Convicted poacher hunted in Summit years ago
SUMMIT COUNTY – A man who pleaded guilty this week to poaching white-tailed deer, elk and mule deer in Colorado and Iowa used to hunt in Summit County years ago.
U.S. Fish and Wildlife Service (FWS) spokesman Roger Gephart said the agency does not know if George Waters hunted illegally in Summit County. Agency officials said he never obtained a hunting license for any of his trips to Colorado, but instead used outdated and used licenses and tags to disguise the trophies.
Gephart said it is possible Waters killed animals in Summit County, but so much time has passed – an estimated 20 years – it would be difficult to obtain any proof.
Waters admitted that between 1992 and 2002, he killed 24 white-tailed deer on the Iowa Army Ammunition Plant near Middletown and various other locations in the Midwestern state. He also admitted to killing eight elk and six mule deer west of Montrose and transporting their racks and heads to Iowa for sale.
The 45 trophy animals Waters admitted killing were valued at $270,000.
According to FWS officials, the West Branch, Iowa, man would kill the animals, retrieve the antlers and heads and leave the rest of the animal carcasses to rot.
He often sold the prized racks, many of which were scored and registered by the Boone and Crockett Club, a Montana-based club that maintains a registry of trophy animals. Such scores increase the value of a set of antlers.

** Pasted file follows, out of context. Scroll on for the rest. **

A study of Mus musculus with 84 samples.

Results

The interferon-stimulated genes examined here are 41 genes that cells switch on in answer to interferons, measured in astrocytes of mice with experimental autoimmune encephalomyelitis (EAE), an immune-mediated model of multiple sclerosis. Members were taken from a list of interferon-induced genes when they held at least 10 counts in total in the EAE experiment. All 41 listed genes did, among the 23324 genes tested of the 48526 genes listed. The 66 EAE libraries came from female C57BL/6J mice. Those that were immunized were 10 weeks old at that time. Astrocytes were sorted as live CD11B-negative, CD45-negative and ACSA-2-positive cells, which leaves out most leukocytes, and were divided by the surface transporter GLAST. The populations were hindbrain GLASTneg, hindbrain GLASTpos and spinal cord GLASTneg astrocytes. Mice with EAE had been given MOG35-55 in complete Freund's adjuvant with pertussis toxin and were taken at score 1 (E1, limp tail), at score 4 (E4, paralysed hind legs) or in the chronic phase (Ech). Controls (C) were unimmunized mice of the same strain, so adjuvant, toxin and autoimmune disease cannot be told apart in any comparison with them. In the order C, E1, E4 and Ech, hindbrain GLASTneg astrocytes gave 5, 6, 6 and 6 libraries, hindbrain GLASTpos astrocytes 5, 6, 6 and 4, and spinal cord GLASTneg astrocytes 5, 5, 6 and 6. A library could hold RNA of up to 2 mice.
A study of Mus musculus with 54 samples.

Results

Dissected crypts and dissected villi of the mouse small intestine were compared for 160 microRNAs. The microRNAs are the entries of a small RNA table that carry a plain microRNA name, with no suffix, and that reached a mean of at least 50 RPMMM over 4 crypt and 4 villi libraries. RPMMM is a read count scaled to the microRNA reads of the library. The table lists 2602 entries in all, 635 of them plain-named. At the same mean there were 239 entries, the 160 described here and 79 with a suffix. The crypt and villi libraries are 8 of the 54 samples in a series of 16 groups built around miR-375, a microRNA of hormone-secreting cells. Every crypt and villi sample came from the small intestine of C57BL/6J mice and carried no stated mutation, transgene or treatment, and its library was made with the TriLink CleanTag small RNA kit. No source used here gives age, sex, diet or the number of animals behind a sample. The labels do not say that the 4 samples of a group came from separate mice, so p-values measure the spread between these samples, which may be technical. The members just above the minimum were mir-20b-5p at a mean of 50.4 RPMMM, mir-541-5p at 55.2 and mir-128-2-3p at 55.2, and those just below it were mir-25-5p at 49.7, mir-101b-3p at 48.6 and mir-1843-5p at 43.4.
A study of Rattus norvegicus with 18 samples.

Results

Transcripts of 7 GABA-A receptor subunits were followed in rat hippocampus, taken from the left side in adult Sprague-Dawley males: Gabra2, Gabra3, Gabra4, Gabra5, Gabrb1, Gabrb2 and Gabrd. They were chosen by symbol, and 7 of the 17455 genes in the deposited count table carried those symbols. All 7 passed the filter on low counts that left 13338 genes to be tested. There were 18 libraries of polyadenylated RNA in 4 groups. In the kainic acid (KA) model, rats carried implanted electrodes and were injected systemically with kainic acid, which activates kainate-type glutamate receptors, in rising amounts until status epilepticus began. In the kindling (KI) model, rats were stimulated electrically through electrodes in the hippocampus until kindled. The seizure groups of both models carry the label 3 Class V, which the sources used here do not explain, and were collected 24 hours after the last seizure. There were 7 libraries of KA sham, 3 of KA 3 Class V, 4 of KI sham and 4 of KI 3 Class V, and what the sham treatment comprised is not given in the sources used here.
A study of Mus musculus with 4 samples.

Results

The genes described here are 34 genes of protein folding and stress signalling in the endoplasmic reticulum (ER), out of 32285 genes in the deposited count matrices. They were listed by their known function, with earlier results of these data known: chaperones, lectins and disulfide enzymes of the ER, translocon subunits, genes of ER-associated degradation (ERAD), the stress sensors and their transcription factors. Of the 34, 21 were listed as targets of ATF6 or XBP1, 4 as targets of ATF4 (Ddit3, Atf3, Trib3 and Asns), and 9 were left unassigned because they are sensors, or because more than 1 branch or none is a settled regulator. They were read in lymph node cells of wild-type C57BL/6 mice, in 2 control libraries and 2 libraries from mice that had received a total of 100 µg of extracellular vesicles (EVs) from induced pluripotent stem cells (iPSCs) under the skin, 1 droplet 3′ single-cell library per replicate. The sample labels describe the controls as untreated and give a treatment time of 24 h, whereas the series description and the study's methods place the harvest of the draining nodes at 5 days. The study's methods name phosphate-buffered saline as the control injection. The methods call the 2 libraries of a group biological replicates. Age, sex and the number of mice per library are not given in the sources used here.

In transporting the illegally acquired game from Colorado to Iowa, Waters violated – and pleaded guilty to – the Lacey Act, a federal wildlife protection law. He pleaded guilty to two felony violations of that act Tuesday. The maximum penalty is up to five years in prison and a $250,000 fine for each offense. Waters was also cited for possessing a machine gun. The maximum sentence for that felony is 10 years in prison and a $250,000 fine.
Assistant U.S. Attorney Jeffrey Lang, who prosecuted the case in the U.S. District Court in Rock Island, Ill., said a plea agreement requires Waters to serve five years in prison without parole, pay a $10,000 fine and $30,000 in restitution to be divided between Iowa and Colorado.
Waters will be sentenced in December.
He also will forfeit numerous animal trophy mounts, skulls and nine firearms, including a 9 mm automatic machine gun.
Poaching is big business in Colorado, according to the Operation Game Thief (OGT) Web site.
Studies indicate poachers might kill almost as many animals and fish as legitimate hunters and fisherman take during legal seasons. They don’t limit their activities to game animals, but have been caught with endangered species as well.
Poachers usually kill for the thrill of killing, to retaliate against wildlife laws or for profit, the OGT site reads.
“They kill wildlife any way, time and place they can,” it reads. “Poaching rings can be well organized and extremely profitable.”
Since Colorado began its OGT chapter in 1981, OGT officials have taken more than 2,400 reports from citizens.
The reports have resulted in more than 700 convictions, the seizure of more than 1,300 animals and netted more than $600,000 in fines. In the same period, OGT has awarded citizens more than $130,000 for their tips.
Jane Stebbins can be reached at (970) 668-3998, ext. 228, or email@example.com.